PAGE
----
Take a look at the beta version of dw.com. We're not done yet! Your opinion can help us make it better.
Thomas Hitzlsperger is the youngest son of a large Bavarian family and grew up on a farm. But he knew he always wanted to play professional football. His English fans know him better by his nickname -- "Hitz the Hammer."
We've talked about how to best strike the ball, give it the hammer treatment so it rockets into goal. How do you do it? Do you hit it straight on or more from the side?
For me, the best way to shoot is straight on, but there's a science to it. People have found out the exact spot you need to hit the ball to score a goal, what the best angle is and with what type of movement. That's just way too much science. I don't really get involved with that, I've just practiced it over and over again and developed a feeling.
What was your fastest shot? Do you know?
That was measured in a training session, I think I had about 135 kilometers per hour, give or take a kilometer or two. In a match not so long ago it was 125 kilometers per hour.
That's right against Leverkusen.
As a junior, Hitzlsperger played for Bayern Munich. Then, at the age of 18, he realized his ambition of becoming a professional footballer, signing up with Aston Villa in the English Premiere League. In 2005, he returned to Germany to play for Stuttgart where he reached another milestone.
In 2007 you became Bundesliga champions. That was something you played a big part in, scoring crucial equalizers in the final two matches of the season. That must have been quite a big deal. How did it feel?
It's difficult to describe. Actually, it's something you dream about. When you go to bed and dream about football, you see yourself about to shoot a deciding goal in an all-important final match. That one came pretty close to the dream. It the last day of the season. We had to win. We were down one-nil and suddenly I had the ball and scored a goal. That was one of those moments when you think football is fantastic, because right then you only have seconds and you want to do something special. But it's not what I do. It's the goal itself that's special.
You're the leading player at Stuttgart, the captain. Are you ready for role like that in the national squad?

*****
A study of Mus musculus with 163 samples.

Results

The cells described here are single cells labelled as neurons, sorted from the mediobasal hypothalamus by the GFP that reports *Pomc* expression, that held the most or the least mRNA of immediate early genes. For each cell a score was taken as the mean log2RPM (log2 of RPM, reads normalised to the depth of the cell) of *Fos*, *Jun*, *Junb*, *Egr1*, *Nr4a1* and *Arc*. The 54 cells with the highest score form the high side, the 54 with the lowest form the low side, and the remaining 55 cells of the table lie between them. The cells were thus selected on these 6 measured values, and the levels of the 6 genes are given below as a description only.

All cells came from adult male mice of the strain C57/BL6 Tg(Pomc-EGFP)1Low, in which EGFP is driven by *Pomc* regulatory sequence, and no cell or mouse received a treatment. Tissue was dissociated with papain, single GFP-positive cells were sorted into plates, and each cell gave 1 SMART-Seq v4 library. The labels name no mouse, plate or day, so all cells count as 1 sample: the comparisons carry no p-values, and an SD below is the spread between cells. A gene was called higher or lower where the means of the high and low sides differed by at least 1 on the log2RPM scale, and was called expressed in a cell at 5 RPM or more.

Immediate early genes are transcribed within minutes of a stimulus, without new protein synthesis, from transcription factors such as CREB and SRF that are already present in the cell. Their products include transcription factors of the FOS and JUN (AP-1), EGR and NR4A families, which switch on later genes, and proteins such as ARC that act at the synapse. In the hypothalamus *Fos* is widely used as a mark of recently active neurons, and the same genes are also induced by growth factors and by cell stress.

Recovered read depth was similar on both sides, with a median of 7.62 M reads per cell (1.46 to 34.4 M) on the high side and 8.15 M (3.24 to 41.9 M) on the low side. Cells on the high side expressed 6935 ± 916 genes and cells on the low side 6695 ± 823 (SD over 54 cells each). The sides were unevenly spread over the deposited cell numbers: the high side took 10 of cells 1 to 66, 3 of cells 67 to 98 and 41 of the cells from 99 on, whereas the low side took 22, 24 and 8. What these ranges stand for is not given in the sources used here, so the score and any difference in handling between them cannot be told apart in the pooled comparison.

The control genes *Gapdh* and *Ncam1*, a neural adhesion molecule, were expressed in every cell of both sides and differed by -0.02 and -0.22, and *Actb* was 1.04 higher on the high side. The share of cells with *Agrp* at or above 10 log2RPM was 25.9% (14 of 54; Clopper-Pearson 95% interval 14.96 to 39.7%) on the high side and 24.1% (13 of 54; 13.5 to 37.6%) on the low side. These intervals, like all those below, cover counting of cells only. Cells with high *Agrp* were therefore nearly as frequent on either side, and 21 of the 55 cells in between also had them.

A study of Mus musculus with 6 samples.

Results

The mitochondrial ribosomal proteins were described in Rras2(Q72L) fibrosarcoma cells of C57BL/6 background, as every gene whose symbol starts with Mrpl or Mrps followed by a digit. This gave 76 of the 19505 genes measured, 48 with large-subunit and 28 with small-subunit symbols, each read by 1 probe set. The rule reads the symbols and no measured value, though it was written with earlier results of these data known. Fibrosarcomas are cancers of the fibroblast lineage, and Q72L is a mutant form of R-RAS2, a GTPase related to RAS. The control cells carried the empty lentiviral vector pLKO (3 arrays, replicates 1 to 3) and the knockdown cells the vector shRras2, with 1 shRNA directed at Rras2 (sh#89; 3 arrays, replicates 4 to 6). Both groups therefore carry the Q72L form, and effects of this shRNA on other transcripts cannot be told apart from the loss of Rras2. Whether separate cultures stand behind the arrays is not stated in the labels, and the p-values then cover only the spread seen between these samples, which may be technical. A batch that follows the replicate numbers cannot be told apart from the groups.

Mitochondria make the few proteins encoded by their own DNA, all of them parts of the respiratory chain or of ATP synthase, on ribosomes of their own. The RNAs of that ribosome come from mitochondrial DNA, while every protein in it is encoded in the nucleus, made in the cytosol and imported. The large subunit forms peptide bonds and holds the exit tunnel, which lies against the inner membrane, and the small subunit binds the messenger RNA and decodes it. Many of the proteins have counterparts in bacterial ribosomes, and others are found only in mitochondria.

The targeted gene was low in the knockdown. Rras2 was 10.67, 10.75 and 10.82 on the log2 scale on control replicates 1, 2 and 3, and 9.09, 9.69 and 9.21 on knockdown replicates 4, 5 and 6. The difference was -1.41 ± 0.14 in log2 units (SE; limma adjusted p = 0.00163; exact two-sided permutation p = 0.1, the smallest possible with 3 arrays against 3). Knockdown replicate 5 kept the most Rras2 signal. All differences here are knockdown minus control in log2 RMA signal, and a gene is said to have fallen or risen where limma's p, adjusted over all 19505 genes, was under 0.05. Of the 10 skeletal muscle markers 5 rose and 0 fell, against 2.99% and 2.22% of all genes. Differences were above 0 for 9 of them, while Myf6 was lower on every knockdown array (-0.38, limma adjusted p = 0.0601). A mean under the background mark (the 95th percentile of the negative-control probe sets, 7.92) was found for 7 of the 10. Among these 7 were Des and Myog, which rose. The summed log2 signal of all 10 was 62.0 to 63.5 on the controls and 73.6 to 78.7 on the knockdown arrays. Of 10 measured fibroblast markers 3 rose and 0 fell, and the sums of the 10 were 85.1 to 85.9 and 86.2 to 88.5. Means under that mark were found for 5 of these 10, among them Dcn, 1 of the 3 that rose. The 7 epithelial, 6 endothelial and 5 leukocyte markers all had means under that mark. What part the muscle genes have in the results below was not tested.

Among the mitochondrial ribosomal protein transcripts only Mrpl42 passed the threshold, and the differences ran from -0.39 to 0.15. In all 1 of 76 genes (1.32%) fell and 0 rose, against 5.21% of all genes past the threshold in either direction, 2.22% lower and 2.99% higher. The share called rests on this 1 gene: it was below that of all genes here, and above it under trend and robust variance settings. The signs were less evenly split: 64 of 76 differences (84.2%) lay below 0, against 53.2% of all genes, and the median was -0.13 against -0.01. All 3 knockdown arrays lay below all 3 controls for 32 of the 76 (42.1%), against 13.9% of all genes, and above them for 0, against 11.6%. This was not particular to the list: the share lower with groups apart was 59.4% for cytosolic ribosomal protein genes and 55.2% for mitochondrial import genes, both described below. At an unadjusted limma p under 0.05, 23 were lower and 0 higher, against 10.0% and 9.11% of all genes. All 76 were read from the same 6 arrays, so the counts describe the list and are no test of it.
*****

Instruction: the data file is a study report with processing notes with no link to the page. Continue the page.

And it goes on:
A larger role? I've always felt I should be in top form and always try to improve myself. That's why I've always seen my role as trying to be the best I can be and playing the best football I can play. I've always done that and will continue to do that."
Hitzlsperger is the workhorse of the German team. But the midfielder is fighting for his place against the likes of Thorsten Frings, Jermaine Jones and Simon Rolfes. In the last two friendlies, the Hammer's had to watch from the sidelines.
How do you deal with this very competitive environment?
I'd have to say it's had a positive effect, because I know that when I play it's not going to be forever. It's just for the moment, and at that moment I might be a little bit better than the others. A few weeks later it might be completely different. So it increases the pressure and my own willingness to do more. That's my goal. I want to always be on the national team, because it really is something special and I'll only be able to do that if I continue to develop. I realise that because there are two or three really good players who could immediately step in. I always want to be there and I hope I will be. This is a competitive environment which is pushing me forward and I think that's true for the others as well.
Germany lost last the two friendlies against England and Norway, both matches without Hitzlsperger.
We have to take that very seriously. We can't just say, "It's over, let's move on." I wish we could mentally, but in preparing for the upcoming match against Liechtenstein we'll have to focus on it again. Once we get there we might start thinking about the last league match and not the last two internationals. We have to deal with it and I expect the coach will be addressing it as well. He doesn't want to see it happen again. So he'll talk to us indivdiually to find out why we weren't in top form back then. And maybe he'll draw the conclusions about what we need to do to win convincingly against Liechtenstein and do the same thing against Wales.
But beyond Liechtenstein and Wales, Germany faces its toughest opponent in October, Russia. That match could decide who winds up going to South Africa. Only the first placed team in the group automatically qualifies for the World Cup.
If Germany qualifies, what would that mean for you personally?
To experience the World Cup in South Africa would be fantastic for me. I want to play in as many of these competitions as possible, World Cups and European Championships. That will continue to push my development as a player. That's the main reason I want the title, to bring the trophy home to Germany. It would really be something special. In the last World Cup we were third. In the last European Championship we came second. So it would be a great triumph if we took the title in South Africa. But it is very, very difficult and so too is qualifying. It's a constant struggle and we'll have to improve ourselves a lot. But I'm very confident.